This is the small attic, where no one is allowed to enter.
I'm sifting and sorting and packing and chucking out. It's disgracefully dusty. But it's getting better.
All the stained glass stuff is packed away safely.
There are three generations of big old things, treasures not in use.
The copper kettle belonged to my great-grandmother, Sophie Van Crombrugge, seen here with her six daughters (her four sons being at school or at work, one assumes).
She looks mild and gentle-natured, doesn't she? Don't be fooled. She was a tartar, according to my mother. She was a great reader. My mother remembered coming to visit after school, often finding her sitting in her rocking chair, all chores done, with her feet propped up just inside the slow oven of the range, reading.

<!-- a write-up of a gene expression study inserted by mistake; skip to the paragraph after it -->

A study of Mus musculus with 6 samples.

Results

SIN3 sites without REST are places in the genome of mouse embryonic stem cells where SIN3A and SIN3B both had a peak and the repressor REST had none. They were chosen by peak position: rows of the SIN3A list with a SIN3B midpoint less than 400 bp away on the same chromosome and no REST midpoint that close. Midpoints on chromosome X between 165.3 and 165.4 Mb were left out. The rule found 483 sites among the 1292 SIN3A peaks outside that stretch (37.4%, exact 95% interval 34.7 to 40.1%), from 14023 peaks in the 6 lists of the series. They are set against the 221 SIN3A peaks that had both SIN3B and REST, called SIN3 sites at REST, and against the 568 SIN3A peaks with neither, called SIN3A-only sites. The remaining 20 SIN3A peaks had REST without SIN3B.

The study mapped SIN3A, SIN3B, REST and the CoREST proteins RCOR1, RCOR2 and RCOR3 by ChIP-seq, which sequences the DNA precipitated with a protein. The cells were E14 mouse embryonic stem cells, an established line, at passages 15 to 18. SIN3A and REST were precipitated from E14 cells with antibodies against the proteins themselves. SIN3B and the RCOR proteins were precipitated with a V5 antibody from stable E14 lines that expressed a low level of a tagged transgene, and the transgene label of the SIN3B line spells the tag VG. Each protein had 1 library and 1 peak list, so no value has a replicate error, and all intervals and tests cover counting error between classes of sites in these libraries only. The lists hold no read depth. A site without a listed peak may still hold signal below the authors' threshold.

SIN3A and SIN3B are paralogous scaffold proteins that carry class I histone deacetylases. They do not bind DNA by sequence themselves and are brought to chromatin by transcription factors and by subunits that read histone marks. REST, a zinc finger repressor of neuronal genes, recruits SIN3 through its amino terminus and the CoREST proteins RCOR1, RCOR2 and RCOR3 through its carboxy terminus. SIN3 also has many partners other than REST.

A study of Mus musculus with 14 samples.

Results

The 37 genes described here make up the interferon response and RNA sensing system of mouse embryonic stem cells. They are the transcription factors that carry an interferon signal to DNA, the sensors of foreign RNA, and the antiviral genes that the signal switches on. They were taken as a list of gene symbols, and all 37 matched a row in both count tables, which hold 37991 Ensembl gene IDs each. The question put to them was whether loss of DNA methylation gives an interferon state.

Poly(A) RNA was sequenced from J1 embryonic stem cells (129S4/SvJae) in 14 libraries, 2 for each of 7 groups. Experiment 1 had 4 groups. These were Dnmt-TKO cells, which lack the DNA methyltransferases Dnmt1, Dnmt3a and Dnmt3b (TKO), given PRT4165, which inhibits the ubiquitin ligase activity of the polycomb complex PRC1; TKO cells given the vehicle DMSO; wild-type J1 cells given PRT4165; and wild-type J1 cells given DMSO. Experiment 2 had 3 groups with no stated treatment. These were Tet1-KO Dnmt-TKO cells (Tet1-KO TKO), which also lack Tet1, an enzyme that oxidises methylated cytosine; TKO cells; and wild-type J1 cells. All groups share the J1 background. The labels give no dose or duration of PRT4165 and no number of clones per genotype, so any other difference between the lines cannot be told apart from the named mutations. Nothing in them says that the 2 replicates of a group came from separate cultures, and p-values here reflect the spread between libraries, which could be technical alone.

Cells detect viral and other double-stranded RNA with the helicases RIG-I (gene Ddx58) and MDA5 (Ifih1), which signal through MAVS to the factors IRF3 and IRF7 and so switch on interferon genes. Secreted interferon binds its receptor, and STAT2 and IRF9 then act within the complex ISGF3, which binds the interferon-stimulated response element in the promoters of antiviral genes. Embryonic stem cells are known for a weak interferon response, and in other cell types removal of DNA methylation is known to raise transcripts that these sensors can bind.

Her kettle was in daily use. My Tante Mimi had it treated later, so that it kept its lustre - my mother tutted at this, considering it sacrilege - but for those of us who can't even keep it dusted, regular polishing would never have happened anyway.
The heavy blue and grey pot held salt, standing in the larder next to my grandmother Rachel Story's range; when she cooked, she would reach into the larder without looking and take a pinch of salt from it. She was a legendary cook.
The white and gold dish was my mother's. For years I kept a little cactus garden in it, and may do so again. Only a long-gone and very wicked cat put an end to the first one (no, cactus spines don't deter cats in the least).
Perhaps the weight of memories, and not the chaos or the dust, is what's making the sorting of the attic such a slow process.